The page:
After a traffic accident Kaylie is in coma for months. Her doctors want to try a new procedure on her: to regain her consciousness, they stimulate her brain with neural patterns of a woman who just died. It works, and Kaylie seems to be ok again. However in her dreams, she lives the last day of her savor - and realizes that she's been killed! Together with her husband she tries to find out what happened. Written by
Tom Zoerner <Tom.Zoerner@informatik.uni-erlangen.de>
"Brainwaves" is an excellent horror movie. Its story, dramaturgy, cinematography and acting - and thus the main branches of the requirements of film theory - are not only satisfactorily, but very well fulfilled. However, Ulli Lommel - to whom we owe, amongst many other movies, also the brilliant "Tenderness of the Wolves" (1973) with the unforgettable Kurti Raab in the main role - is unfortunately subject to what I call the "Ed Wood Effect". This effect contains in blindly giving very low votes to a film director who once had the misfortune to become known as a B-picture maker.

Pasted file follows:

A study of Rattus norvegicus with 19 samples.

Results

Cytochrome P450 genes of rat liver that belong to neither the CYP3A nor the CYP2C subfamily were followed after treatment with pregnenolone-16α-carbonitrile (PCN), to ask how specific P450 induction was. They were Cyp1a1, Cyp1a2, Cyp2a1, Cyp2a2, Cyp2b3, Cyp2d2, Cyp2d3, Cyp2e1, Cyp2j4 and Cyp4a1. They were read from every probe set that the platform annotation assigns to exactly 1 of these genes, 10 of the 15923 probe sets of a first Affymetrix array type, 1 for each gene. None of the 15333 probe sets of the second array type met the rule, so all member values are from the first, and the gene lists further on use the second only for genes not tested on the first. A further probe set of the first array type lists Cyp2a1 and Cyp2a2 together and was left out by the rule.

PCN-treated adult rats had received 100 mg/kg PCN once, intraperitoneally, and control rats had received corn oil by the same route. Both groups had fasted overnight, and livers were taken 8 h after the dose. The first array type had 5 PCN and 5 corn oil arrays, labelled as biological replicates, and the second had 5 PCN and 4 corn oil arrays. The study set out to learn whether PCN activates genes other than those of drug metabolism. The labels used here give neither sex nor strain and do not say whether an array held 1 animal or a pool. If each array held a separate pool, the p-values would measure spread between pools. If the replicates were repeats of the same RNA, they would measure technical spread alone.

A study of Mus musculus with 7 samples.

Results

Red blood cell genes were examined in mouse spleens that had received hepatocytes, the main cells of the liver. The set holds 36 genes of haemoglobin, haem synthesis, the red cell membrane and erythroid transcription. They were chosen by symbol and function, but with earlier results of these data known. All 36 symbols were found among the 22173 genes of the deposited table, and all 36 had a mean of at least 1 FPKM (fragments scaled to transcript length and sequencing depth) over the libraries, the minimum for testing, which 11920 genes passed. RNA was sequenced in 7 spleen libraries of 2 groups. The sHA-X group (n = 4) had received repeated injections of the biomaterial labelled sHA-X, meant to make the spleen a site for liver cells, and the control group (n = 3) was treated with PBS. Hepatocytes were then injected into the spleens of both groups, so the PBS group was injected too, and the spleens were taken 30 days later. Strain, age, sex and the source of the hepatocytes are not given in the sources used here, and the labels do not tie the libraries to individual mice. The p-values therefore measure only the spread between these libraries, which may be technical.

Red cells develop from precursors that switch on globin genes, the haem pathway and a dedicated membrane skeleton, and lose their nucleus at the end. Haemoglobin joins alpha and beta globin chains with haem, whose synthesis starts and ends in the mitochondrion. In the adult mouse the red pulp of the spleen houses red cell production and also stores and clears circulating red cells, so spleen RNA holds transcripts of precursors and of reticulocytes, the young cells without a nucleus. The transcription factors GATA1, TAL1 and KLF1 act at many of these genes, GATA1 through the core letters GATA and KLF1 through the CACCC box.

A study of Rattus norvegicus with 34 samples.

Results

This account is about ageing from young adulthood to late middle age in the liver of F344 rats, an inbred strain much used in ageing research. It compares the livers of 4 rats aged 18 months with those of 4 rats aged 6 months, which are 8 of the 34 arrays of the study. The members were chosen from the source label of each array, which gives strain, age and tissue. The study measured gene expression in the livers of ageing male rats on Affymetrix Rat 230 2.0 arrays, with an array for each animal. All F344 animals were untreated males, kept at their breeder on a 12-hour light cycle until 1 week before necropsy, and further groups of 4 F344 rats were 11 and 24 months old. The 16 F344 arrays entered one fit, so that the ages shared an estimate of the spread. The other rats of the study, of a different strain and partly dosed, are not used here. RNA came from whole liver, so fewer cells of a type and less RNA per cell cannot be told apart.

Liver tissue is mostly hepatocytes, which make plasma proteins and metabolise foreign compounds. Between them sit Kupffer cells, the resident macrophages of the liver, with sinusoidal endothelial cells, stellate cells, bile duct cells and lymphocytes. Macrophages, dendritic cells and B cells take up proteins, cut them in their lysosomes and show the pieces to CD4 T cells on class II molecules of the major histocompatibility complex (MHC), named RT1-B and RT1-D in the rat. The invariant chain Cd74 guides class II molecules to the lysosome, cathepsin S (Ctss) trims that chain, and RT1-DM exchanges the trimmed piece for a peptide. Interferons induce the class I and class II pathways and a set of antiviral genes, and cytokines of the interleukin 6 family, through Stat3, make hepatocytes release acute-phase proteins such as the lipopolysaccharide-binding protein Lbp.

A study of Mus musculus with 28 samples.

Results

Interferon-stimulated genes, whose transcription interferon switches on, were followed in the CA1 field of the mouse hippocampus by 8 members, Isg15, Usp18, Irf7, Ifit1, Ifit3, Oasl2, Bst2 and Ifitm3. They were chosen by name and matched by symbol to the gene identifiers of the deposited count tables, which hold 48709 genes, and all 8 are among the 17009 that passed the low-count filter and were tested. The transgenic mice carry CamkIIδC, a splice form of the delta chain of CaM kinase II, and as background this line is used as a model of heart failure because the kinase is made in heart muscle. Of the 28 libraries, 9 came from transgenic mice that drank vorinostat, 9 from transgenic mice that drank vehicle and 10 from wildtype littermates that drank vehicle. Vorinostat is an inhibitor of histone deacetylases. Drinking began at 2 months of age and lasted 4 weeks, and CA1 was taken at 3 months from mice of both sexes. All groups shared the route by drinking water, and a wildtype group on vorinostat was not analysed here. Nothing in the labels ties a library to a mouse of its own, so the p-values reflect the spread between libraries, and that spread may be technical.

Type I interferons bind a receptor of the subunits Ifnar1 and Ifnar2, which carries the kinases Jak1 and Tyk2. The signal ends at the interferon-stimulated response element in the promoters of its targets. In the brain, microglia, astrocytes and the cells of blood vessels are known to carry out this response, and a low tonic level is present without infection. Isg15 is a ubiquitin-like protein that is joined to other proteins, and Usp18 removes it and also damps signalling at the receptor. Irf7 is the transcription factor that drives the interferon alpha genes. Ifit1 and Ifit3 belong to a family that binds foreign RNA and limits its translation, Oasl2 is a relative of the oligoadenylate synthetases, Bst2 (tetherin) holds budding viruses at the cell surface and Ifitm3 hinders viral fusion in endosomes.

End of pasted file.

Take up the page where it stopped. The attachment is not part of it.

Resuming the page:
In Ulli Lommel's special case this Ed-Wood-Effect is the more astonishing as the B-pictures that he produced after "Bogeyman" (1979) are not worse than this movie which was a success around the world, although or because it was filmed in the style for which nowadays people like to criticize Lommel, i.e. the use of video cameras and the "journalistic" cinematography which imitates the eye movement of a visitor who would be by chance witness of the crime that is filmed. If Rosa Von Praunheim takes a video camera and walks around on the streets or in bars filming just what he sees, the voting of these products are in the average higher - probably because Von Praunheim's topic is the gay-scene, and who would dare making respect-less comments against such a controversial topics without risking to get criticized not for his real critique but for his alleged attitude against a minority? As one can see, the Ed Wood effect implies that one measures with different measuring systems. To cite only one example: The "Underworld" movies are as silly as Lommel's younger horror flicks - and not a iota better, although they are produced with a guessed amount of ten times as much money as Lommel's productions. Perhaps one would achieve a juster judgment, if Ulli Lommel would release his older German movies - especially the wonderful "Adolf and Marlene" with Kurt Raab, Margit Cartensen, Rainer Werner Fassbinder and others - on DVD. But it also could be that even these movies would fall immediately under the spell of the Ed Wood Effect.